One of the best things about having an open mind is the chance it provides for redemption and rediscovery. Take Ghoulies, for instance. I saw this flick on its release back in 1985 and immediately wrote it off as a lesser Gremlins, as did many others. Then I promptly forgot about it. But I saw Ghoulies again recently and a whole new opinion revealed itself. I was amazed. How had I dismissed this fun, goofy horror movie?
Originally set to be a Charles Band film, Ghoulies ended up being the directorial debut of Luca Bercovici, best known in my house for directing The Granny (which I really have to review some day). Band kept his hand in Ghoulies by releasing it through Empire Pictures, the predecessor to his production house Full Moon Features. While Full Moon may be the more famous of the two companies, Empire had a pretty good track record, releasing such classics as Re-Animator, From Beyond, Trancers, Troll and Dolls before it closed. But as the highest-grossing independent film of 1985, Ghoulies is arguably Empire’s greatest success. And why not? Ghoulies has a little bit of everything: Satanic mumbo jumbo, corpses rising from the grave, over-the-top performances, little people dressed up as demons, little puppets dressed up as demons, a surprisingly effective love story, a baby-in-peril subplot, bad ‘80s fashion and music, the innocent celebration of drugs and alcohol, bad break dancing (the result of the innocent celebration of drugs and alcohol), the wonderful Jack Nance (post-Eraserhead, pre-Twin Peaks), the film debut of a sweet Mariska Hargitay (before all the SVU perps wore her down), former glam rocker Michael Des Barres as a devil worshipping megalomaniac (see “over-the-top performances” above) and—perhaps best of all—the use of that awesome horror movie phrase: “Let’s do a ritual.”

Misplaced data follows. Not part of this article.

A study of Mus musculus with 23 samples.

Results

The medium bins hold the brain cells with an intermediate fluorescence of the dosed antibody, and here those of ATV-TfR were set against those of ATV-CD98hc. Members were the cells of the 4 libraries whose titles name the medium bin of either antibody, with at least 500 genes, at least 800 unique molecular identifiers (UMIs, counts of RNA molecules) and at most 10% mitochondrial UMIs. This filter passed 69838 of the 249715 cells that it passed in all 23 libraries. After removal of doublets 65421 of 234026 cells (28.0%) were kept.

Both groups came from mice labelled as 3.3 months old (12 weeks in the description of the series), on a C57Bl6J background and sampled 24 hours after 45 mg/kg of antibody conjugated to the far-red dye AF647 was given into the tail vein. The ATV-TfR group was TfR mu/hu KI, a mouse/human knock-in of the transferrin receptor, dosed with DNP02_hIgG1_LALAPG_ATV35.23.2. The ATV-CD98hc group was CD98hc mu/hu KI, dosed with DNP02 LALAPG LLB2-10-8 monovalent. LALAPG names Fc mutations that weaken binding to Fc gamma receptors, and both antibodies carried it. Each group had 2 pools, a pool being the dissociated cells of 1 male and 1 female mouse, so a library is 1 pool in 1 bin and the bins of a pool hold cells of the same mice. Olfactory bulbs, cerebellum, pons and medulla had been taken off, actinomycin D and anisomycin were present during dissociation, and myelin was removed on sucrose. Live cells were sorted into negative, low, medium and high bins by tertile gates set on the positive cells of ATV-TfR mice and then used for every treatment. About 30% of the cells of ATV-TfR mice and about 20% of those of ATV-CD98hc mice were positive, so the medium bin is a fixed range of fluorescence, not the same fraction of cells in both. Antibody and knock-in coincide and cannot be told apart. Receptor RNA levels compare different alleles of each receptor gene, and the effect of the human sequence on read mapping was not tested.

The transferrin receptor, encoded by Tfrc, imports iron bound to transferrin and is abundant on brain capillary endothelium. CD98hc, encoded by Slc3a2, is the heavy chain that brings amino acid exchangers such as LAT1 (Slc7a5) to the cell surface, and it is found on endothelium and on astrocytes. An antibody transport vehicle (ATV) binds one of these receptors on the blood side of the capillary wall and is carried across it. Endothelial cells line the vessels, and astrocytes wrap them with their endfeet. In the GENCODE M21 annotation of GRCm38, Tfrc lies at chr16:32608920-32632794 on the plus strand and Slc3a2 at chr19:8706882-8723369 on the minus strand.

The plot of Ghoulies is incidental at this point and not really necessary to understand the film’s charms. The act of writing about it has made me realize why this flick is so good in 2010: nostalgia. Although I bemoaned the ‘80s while they were happening, the passage of time has provided a pair of rose-colored glasses that I seem to be wearing more and more these days. Sure the clothes and music were sadly misguided, but I was younger—so, how bad could that decade have really been?
Granted, this revelation throws my whole review of Ghoulies into questionable territory. I seem to be recommending this movie only if you are above a certain age, but that’s not the case. If you have an open mind, or if anything in the last half of the second paragraph appeals to you at all, check out Ghoulies. If you don’t like it…okay, I get it: I’m old.